When the Annapolis Valley Exhibition rolls around for its 93rd year on Aug. 12 in Lawrencetown, people will be thinking about Doug Miller.
He once said in an interview he quit farming when his knees gave out. But Miller never slowed down. Ask folks in the office at the Valley Ex. Or drop by the Lawrencetown Farm Museum next door.
They’re dedicating the 2019 edition of the Valley Ex in his honour.
He could mow hay, milk cows, muck out a stall, mend a fence, get up before dawn, and he volunteered countless hours promoting agriculture through his various positions at the exhibition.
He could make jam.
And he never wanted people to forget the old ways of farming and the rural Nova Scotia lifestyle. When he did finally quit farming, it was his old machines and farm tools that were the basis of today’s farm museum.
Miller passed away in Kentville in January at the age of 83. A lot of people miss him.
Folks at the Valley Ex were deeply affected by the loss of such a long-time contributor, friend, and fountain of knowledge. Page 2 of this year’s exhibition program is devoted to Miller.
“Doug was a country gentleman; considerate, kind, trustworthy, and generous,” the tribute reads. “To neighbours, friends, and family he was devoted and very special.”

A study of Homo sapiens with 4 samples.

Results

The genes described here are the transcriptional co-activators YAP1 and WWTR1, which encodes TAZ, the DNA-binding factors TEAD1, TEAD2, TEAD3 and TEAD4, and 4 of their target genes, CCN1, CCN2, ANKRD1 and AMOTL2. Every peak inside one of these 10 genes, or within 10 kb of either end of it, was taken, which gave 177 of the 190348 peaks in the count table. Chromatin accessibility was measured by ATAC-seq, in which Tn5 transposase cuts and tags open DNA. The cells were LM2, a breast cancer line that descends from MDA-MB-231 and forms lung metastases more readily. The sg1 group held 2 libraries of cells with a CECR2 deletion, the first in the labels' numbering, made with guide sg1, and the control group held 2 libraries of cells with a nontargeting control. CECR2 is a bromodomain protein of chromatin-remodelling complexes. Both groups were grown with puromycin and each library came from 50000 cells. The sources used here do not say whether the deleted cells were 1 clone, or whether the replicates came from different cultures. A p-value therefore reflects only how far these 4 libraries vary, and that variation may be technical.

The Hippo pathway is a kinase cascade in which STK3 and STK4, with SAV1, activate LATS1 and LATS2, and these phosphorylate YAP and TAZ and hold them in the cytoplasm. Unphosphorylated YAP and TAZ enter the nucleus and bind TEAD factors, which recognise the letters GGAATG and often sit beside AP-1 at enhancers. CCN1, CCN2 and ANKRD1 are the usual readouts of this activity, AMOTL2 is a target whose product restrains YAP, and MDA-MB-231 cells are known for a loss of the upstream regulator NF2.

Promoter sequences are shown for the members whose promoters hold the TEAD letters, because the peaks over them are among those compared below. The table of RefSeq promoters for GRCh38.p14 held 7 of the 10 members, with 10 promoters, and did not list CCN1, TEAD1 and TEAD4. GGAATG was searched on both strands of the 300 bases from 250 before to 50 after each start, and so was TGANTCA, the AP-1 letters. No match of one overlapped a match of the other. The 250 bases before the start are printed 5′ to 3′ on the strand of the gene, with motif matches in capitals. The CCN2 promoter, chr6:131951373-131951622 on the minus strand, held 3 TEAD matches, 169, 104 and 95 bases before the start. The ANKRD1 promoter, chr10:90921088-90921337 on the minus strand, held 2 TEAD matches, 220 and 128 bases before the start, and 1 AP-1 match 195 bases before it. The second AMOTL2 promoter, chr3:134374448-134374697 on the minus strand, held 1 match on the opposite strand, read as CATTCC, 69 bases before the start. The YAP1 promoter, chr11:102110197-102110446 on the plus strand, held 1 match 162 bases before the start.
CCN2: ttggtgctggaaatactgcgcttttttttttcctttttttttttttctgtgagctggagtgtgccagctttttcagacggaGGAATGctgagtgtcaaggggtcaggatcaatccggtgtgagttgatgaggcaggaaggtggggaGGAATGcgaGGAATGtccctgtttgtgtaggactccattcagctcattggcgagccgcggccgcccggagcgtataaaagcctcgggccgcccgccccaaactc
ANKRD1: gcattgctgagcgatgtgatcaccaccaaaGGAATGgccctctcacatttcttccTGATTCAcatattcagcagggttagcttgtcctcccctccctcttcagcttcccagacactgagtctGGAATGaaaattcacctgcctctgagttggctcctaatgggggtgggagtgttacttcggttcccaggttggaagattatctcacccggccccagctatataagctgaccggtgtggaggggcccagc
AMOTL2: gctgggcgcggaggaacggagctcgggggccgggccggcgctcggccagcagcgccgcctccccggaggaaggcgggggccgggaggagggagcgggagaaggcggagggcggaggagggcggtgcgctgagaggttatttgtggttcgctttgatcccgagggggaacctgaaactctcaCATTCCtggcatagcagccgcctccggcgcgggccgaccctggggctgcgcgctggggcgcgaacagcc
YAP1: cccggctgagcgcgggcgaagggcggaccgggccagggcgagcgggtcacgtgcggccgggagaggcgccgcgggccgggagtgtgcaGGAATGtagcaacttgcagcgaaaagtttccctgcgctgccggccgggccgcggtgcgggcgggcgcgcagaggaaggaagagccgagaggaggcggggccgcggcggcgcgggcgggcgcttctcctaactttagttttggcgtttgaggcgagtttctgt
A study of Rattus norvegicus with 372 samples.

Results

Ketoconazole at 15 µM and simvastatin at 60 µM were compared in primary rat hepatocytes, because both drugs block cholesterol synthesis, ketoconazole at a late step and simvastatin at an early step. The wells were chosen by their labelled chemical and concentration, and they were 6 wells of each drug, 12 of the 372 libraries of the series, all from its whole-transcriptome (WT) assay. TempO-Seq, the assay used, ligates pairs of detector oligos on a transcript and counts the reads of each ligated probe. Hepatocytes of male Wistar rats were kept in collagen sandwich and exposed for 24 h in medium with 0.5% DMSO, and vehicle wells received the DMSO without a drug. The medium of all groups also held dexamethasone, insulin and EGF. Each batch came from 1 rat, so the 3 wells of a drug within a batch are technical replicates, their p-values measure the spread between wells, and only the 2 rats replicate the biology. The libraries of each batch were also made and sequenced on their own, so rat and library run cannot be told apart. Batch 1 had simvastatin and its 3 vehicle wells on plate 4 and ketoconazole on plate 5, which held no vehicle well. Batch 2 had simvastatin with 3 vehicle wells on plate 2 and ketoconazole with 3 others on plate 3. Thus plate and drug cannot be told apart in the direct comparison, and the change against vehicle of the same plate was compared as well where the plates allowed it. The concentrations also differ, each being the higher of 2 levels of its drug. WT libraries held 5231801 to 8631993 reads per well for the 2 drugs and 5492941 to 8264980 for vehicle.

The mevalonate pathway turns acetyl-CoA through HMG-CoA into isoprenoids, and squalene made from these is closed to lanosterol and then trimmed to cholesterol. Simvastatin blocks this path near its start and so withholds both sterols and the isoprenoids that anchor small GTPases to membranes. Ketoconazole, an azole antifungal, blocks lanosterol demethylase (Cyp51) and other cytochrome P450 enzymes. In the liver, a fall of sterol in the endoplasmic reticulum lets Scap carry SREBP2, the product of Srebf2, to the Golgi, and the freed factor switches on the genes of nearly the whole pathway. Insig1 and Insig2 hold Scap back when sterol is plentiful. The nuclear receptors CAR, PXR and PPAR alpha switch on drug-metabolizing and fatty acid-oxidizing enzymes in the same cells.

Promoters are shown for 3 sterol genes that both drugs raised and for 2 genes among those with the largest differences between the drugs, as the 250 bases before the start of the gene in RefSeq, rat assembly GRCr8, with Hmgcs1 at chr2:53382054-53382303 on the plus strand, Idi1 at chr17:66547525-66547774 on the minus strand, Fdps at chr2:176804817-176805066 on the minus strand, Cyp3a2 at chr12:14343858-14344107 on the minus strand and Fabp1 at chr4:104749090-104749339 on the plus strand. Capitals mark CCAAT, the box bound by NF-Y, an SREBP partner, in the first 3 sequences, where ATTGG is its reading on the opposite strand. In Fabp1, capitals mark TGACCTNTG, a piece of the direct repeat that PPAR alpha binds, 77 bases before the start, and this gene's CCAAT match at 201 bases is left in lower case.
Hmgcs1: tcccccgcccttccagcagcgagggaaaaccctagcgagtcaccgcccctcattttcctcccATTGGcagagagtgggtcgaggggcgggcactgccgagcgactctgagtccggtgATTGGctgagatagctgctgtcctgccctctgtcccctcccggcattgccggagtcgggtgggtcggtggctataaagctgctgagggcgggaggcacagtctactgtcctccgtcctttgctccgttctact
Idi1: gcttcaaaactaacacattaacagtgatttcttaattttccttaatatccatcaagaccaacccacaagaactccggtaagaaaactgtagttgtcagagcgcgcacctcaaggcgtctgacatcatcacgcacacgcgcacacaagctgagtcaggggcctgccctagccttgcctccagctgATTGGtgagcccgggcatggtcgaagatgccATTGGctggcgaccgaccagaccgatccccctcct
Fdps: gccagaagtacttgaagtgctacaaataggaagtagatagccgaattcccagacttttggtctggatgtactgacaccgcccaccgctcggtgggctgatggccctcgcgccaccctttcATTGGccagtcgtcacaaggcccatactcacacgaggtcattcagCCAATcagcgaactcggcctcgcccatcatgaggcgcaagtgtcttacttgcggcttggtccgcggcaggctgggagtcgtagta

Miller spent his first 60 years farming in Clarence, hardly more than a stone’s throw from the exhibition grounds in Lawrencetown. He had a dairy farm and later raised beef cattle.
He retired in 1995, got married to Janet, and moved to Kentville.
“For over 62 years Doug gave a whole new meaning to the word ‘volunteer’ and wore many hats (director, vice-president, president positions) on several Ex committees such as General Committee, Fruit & Vegetable (of which he was chairman for many years), Planning, Building, Emergency Advisory Program, Tug of War, Special Trophy Prize Committee,” the program notes.
He exhibited fruit, vegetables, and later baking, jams, and pickles.
“He was also invited to judge at other exhibitions in the province and was an active member of the Valley Gardeners Club, Kentville,” the program reads. “He loved nature, gardening, jigsaw puzzles, reading, and strolls on any beach.”
For the last 20 years he was president of the farm museum, only stepping down in 2018 due to ill health.
“In 1998 when he sold his century farm, he had a vision to create a place at the Ex to display farm artifacts,” the Valley Ex tribute said. “The farm museum became a reality first in Barn #1 and then moved into the Demonstration Building. Doug, along with Janet, volunteers and a committee working together have gathered, cleaned, catalogued, and displayed many artifacts over the years.”
The tribute said Miller is gone but will never be forgotten.
“Perhaps if you listen really closely you just might be able to hear a distinctive laugh and an all too familiar reply ‘grouchy as ever,’” it said. “We miss you Doug, rest in peace and many thanks for your contribution.”